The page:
Sustainable ag's ethanol link

The key is more corn acres.

By: Orrie Swayze, Agweek

WILMOT, S.D. — Increasing corn acres substantially is our best opportunity to make agriculture sustainable.

Today’s reduced tillage, cover crops and corn rotations are reversing farming’s historic, unsustainable mining of soil carbon.

Even no-till farming will mine soil carbon unless corn or other C4 genetics’ almost miraculous water efficiencies are utilized to produce enormous quantities of biomass above and below ground.

South Dakota State University’s review of 25 years of soil sample documentation indicates that South Dakota reduced farmer tillage practices, together with no-till and high-yielding corn dominant rotations, have increased soil organic matter.

No-till cuts erosion by 98 percent, and corn’s deep root systems protect ground water by scavenging leached fertilizer nutrients and bringing them back to the surface.

No-till includes more than one-third of U.S. crop acres and is trending toward capturing half of U.S. acres within 10 years.

Today, the majority of U.S. farmers largely use the reduced tillage practices that South Dakota farmers use, making nearly all of the state’s farmland a gigantic carbon sink if substantially increased corn acres are included in crop rotations.

Sustainable farming is optimized as farmers continue the trend toward cover crops plus diverse minimum and no-till corn rotations that today also significantly reduce agriculture’s nitrous oxide greenhouse gas emissions and commercial nitrogen requirements.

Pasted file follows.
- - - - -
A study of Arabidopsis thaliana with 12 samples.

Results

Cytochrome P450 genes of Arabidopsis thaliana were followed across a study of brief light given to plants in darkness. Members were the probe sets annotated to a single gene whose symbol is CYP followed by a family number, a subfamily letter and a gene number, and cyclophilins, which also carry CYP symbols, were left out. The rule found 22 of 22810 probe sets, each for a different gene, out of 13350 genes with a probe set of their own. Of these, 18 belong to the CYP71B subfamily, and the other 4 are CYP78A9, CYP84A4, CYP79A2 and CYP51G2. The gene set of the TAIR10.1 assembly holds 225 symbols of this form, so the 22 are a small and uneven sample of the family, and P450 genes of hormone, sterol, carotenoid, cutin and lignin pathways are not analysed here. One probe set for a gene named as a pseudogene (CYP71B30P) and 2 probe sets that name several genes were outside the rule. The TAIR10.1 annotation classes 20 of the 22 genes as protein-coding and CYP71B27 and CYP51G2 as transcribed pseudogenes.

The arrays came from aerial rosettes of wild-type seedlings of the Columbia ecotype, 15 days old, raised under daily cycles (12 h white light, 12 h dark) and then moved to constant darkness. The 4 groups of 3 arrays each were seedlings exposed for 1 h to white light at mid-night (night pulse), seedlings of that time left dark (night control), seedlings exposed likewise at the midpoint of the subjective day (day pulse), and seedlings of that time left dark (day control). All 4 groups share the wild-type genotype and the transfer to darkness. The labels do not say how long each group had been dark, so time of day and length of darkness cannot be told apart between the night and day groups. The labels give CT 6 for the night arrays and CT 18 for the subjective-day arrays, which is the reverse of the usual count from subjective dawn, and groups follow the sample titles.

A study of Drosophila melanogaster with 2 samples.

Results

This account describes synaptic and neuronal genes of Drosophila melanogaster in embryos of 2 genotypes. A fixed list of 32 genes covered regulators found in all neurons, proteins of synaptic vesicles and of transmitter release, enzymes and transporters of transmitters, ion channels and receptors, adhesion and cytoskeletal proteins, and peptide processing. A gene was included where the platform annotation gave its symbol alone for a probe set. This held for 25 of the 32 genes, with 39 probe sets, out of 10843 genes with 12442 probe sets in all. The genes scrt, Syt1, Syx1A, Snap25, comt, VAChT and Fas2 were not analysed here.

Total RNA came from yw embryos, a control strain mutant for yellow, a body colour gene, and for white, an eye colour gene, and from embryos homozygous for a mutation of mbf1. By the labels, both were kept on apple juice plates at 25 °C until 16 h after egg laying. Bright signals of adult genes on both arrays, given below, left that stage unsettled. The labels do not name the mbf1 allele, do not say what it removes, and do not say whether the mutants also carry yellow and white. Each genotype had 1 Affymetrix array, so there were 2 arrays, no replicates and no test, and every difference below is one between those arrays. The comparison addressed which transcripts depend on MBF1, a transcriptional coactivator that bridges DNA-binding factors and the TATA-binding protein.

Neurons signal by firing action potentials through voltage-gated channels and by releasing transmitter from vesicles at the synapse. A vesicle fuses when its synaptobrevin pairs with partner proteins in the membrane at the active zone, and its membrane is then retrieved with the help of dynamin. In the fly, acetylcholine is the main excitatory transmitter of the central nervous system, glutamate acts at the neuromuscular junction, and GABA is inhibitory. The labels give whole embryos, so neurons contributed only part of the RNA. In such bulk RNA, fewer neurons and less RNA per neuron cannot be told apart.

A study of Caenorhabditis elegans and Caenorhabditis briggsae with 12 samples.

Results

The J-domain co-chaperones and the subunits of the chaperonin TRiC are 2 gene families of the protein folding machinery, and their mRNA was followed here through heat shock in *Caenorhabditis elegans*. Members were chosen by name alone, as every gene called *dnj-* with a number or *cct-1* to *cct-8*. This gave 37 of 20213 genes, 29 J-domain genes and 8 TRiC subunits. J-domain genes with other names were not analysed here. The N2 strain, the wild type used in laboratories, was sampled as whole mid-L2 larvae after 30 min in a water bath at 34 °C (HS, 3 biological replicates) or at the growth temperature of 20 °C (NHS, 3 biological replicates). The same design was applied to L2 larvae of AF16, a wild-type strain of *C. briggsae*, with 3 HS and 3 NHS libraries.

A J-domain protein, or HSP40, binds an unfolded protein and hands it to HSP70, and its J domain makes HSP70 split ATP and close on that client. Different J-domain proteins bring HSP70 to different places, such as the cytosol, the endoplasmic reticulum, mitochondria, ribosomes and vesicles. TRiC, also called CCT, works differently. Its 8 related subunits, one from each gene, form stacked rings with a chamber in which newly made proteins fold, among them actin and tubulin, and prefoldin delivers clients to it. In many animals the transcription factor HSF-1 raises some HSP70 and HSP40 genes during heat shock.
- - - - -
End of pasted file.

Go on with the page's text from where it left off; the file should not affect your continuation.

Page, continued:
Call for corn

Diverting adequate crop acres to corn ethanol acres will make sustainable farming possible and still produces a similar amount of protein as distiller’s proteins, causing little market disruption.

Conversely, increasing switchgrass or sod acres on a comparable scale will significantly reduce food supplies, causing chaotic grain market disruptions.

Importantly, opening markets for higher octane E-30 ethanol blends will incentivize increasing corn acres, also growing farmland’s cumulative carbon sink.

Most important, E-30 slashes carcinogenic and mutagenic emissions associated with benzene-type octane enhancers, dramatically reducing their medical costs and related tragedies.

Editor’s Note: Swayze is from Wilmot, S.D.